Living with chronic heartburn and acid reflux disease doesn’t just make you uncomfortable; it can leave permanent evidence inside of your mouth.

With reflux disease, the acids from your stomach constantly come back up into the esophagus, damaging the soft tissue lining. Did you know though that some of those acids also make their way all the way back up to your mouth?

The Evidence

The most classic symptom of acid reflux disease inside of your mouth is the formation of shallow depressions on the cusp tips of your back teeth. When erosion is seen in this manner, it is nearly always associated with unmanaged acid reflux. Other types of acid erosion typically do not manifest themselves in these locations.

You may also begin experiencing thinning of the enamel in other areas of your mouth or leakage around existing dental fillings. Teeth can become more yellow in appearance, have a glossy texture and exhibit more sensitivity than usual.

Fight Back

Working with your doctor to manage your gastric reflux disease is important. Don’t simply try to cover up the symptoms with occasional over the counter medications, as sometimes the acid may be completely unnoticeable. Your primary care provider may recommend a daily over the counter medication or prescription, but be sure to follow their instructions.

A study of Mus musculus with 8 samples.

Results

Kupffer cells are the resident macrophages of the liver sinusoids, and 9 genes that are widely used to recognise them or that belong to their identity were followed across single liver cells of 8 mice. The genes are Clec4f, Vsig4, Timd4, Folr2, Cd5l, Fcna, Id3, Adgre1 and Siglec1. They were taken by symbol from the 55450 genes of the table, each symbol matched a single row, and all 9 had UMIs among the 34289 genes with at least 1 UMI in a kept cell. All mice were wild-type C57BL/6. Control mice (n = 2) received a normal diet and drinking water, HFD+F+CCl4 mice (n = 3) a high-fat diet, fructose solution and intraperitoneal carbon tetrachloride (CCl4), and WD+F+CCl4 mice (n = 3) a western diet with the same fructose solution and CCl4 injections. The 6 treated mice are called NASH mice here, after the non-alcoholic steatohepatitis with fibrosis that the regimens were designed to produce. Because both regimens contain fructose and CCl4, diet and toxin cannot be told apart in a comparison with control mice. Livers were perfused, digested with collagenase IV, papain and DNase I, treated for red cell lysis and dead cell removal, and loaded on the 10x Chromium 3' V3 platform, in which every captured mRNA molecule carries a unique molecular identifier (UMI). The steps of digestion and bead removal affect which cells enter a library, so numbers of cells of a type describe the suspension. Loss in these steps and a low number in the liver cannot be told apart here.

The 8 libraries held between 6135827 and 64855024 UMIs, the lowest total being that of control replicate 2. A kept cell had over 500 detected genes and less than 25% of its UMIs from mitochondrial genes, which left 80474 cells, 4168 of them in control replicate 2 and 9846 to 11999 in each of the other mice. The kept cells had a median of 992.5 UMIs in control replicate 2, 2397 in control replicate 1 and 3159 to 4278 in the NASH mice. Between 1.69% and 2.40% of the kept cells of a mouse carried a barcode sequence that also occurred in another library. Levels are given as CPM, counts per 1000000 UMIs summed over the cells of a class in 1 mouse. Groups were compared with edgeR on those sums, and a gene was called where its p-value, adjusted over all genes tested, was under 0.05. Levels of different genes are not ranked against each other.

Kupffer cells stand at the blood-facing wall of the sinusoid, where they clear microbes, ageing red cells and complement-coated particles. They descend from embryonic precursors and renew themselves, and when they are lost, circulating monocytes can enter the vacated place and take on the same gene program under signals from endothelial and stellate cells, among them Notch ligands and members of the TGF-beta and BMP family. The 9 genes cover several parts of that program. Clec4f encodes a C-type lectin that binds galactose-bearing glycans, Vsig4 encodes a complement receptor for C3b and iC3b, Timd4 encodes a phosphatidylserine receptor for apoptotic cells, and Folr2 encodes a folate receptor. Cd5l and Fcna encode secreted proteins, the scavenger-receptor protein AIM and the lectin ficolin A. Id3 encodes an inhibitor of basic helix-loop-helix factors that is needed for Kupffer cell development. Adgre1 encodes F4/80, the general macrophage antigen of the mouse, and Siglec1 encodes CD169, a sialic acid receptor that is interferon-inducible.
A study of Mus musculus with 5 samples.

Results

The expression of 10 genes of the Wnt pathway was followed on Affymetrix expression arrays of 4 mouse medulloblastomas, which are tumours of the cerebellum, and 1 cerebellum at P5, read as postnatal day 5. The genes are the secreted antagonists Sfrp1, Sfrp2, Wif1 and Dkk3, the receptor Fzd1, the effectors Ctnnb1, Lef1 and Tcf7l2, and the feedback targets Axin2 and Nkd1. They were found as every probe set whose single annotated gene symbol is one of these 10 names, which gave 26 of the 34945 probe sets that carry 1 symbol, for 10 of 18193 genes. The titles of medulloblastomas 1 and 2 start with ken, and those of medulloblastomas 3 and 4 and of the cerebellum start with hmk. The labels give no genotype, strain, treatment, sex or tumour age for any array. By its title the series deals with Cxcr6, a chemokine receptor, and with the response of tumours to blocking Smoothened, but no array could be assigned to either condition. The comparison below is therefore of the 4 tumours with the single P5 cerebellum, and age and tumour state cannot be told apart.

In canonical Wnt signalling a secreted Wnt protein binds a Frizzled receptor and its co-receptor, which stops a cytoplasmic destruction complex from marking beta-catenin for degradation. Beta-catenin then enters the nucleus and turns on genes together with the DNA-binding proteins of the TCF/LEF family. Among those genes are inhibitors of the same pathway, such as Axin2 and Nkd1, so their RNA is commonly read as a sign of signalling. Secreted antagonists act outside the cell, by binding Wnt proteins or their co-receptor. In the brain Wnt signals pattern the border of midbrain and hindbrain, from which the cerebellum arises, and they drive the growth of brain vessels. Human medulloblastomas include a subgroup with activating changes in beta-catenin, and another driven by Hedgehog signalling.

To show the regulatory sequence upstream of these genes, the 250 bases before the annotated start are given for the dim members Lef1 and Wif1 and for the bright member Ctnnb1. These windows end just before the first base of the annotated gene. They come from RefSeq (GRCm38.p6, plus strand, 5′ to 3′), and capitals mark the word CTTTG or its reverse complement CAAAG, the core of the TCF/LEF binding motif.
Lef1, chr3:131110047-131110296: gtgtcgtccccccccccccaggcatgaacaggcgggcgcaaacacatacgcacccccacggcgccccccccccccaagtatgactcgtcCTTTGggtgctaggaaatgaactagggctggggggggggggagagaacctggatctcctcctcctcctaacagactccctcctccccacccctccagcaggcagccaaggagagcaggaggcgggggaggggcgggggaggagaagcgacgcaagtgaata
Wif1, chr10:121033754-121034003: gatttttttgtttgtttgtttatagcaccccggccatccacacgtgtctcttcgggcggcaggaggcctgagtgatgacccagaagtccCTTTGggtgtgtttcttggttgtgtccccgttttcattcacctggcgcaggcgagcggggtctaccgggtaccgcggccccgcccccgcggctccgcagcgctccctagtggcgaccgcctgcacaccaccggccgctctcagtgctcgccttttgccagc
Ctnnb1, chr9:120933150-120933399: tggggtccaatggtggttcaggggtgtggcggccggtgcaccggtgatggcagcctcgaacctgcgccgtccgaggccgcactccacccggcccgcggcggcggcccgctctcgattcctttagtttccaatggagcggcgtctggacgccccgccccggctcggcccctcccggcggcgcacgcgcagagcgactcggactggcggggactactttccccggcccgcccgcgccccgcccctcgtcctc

When you visit us, we will assess for changes in your enamel and whether or not the erosion has become more advanced. Applying a high-grade fluoride after your cleaning can help remineralize weak enamel so that it can be more resistant to acid erosion. We may also decide to prescribe an at-home fluoride treatment for you to use at night.

If acid reflux can destroy tooth enamel (which is the hardest substance in the entire body), imagine what it can do to the soft tissues that line your esophagus and stomach. Let us know if you’ve experienced any symptoms of heartburn so that we can be sure to assess for signs of enamel erosion during your clinical exam.